The Austin Chronicle

After a Fashion

By Stephen MacMillan Moser, March 4, 2011, Columns

NEW WAVED Last year, the Austin Children's Shelter threw its first annual New Wave Ball fundraiser. It was cute. This year's was beyond cute: It was sophisticated, stylish, and very entertaining. The DJ played all the Eighties classics, and costumes ranged from a fabulous Siouxsie Sioux (except as judges, we thought she was Joan Jett; didn't matter, she won first place anyway); a truly excellent Vanilla Ice; Slash from Guns n' Roses; Richard Simmons; characters from Top Gun; the Karate Kid; and dozens of Madonnas of virtually every incarnation. OK, ACS, you get very high marks for keeping the evening fun, light, and profitable. On the other hand, there was the humorless live auctioneer who sucked all the air out of the room. C'est la vie, right?

WET RACHEL I've been hating my hair recently. Even though I've had fun going out and reconnecting, whenever I see photos of myself out and about, I cringe. So at the last minute before I was about to have my portrait done by noted photographer Leon Alesi, my friend Summer Lawson insisted that I see Rachel Hale at Wet Salon. Hale came in specially to work on me late on a Sunday, and though I suggested what I wanted, I left it up to her to figure out how to get it there. She did a faaabulous job of getting my hair white (it practically glowed in the dark), and then she went about concocting the lavender color I wanted. ("Not ultra violet," I told her, "but something approaching an Easter-egg purple.") Like an alchemist brewing up a potion, she added several ingredients together to try and achieve the unorthodox color I wanted. She applied the paste to my hair, we baked it for a while under the hair dryer and then rinsed it off. And voilà! Hale had indeed performed magic, turning my drab gray into luscious lavender. Among the many things I enjoyed about going to Hale was that she listened. Not that other hairdressers are deaf, but sometimes they simply choose to do what they want. Hale is an amazing pro.

SNAP TO IT I have a confession to make, and it's so personal that we have to sit down in our dressing gowns in front of the vanity and hold hands while I tell you. Are you comfortable? Okay, here goes: I've been eating strictly healthy meals and devouring things I would have never dreamed of eating before. Vegetable "lasagna"? What for? Soft tofu spring rolls? Uh-uh. Vegan soup? Not on your life. I was perfectly happy eating party food for breakfast, lunch, and dinner. But I wasn't at all happy about my ever-increasing waistline. So I made a commitment ... to myself and to Snap Kitchen ( for the three-week Snap Commit program. For 21 days, Snap Kitchen provides a total of 1,200 calories distributed among breakfast, lunch, dinner, and two snacks every day (except for one evening a week when you may eat whatever you'd like). You can pick up three days of food at once, and it's all fresh, organically and locally grown food prepared in single-serving portions that determine what you will be having. Snap Kitchen makes it ridiculously easy to make healthy choices. And they deliver, too. Even if you're not on the commitment programs, it's a breeze to drop into one of SK's two Austin locations (at the Triangle and at Sixth & Lamar) to pick up an entrée or a snack. Astonishingly, I've lost 12 pounds in 12 days. Of course, your mileage may vary, but I can't imagine a better testament to their meal-planning program.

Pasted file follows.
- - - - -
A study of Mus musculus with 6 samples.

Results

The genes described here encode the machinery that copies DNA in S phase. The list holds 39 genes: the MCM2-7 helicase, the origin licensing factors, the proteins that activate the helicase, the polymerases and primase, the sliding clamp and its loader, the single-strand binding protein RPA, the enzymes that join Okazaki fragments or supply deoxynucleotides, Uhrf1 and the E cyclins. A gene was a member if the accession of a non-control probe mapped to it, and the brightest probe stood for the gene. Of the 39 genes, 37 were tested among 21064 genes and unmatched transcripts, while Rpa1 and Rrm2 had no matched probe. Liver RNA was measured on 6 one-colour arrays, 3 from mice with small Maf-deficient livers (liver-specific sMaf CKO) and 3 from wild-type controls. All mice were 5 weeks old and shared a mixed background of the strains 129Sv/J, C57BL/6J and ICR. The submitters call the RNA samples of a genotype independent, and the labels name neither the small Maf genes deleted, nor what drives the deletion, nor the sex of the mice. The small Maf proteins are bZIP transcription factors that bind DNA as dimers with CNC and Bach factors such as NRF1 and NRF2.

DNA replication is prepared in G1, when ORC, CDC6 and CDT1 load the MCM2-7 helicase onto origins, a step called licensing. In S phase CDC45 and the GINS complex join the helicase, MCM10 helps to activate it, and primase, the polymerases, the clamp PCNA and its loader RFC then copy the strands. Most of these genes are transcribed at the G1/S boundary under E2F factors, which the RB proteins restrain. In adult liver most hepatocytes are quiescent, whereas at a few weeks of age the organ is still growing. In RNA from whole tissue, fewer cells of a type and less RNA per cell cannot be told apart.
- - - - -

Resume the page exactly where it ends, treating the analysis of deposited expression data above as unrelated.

VIVA, VIVA! It's always a treat when AIDS Services of Austin presents their annual fundraiser Viva Las Vegas, 8-11:30pm, Saturday, March 5, at the Austin Music Hall. ASA always manages to pull a very entertaining rabbit out of its hat, and this time it's in the form of wig designer Coco Coquette (about whom I recently gushed). I haven't any idea what Coco's going to pull off, but you can be sure it will be a showstopper. (See this week's "Gay Place" for a few teases.) Guests will be treated to a silent auction, live entertainment, the vinyl grooves of DJ Orion, culinary delights from Austin's top restaurants, and (natch) faux gambling, including blackjack, craps, roulette, and Texas hold 'em. Tickets are $65 at and at BookPeople.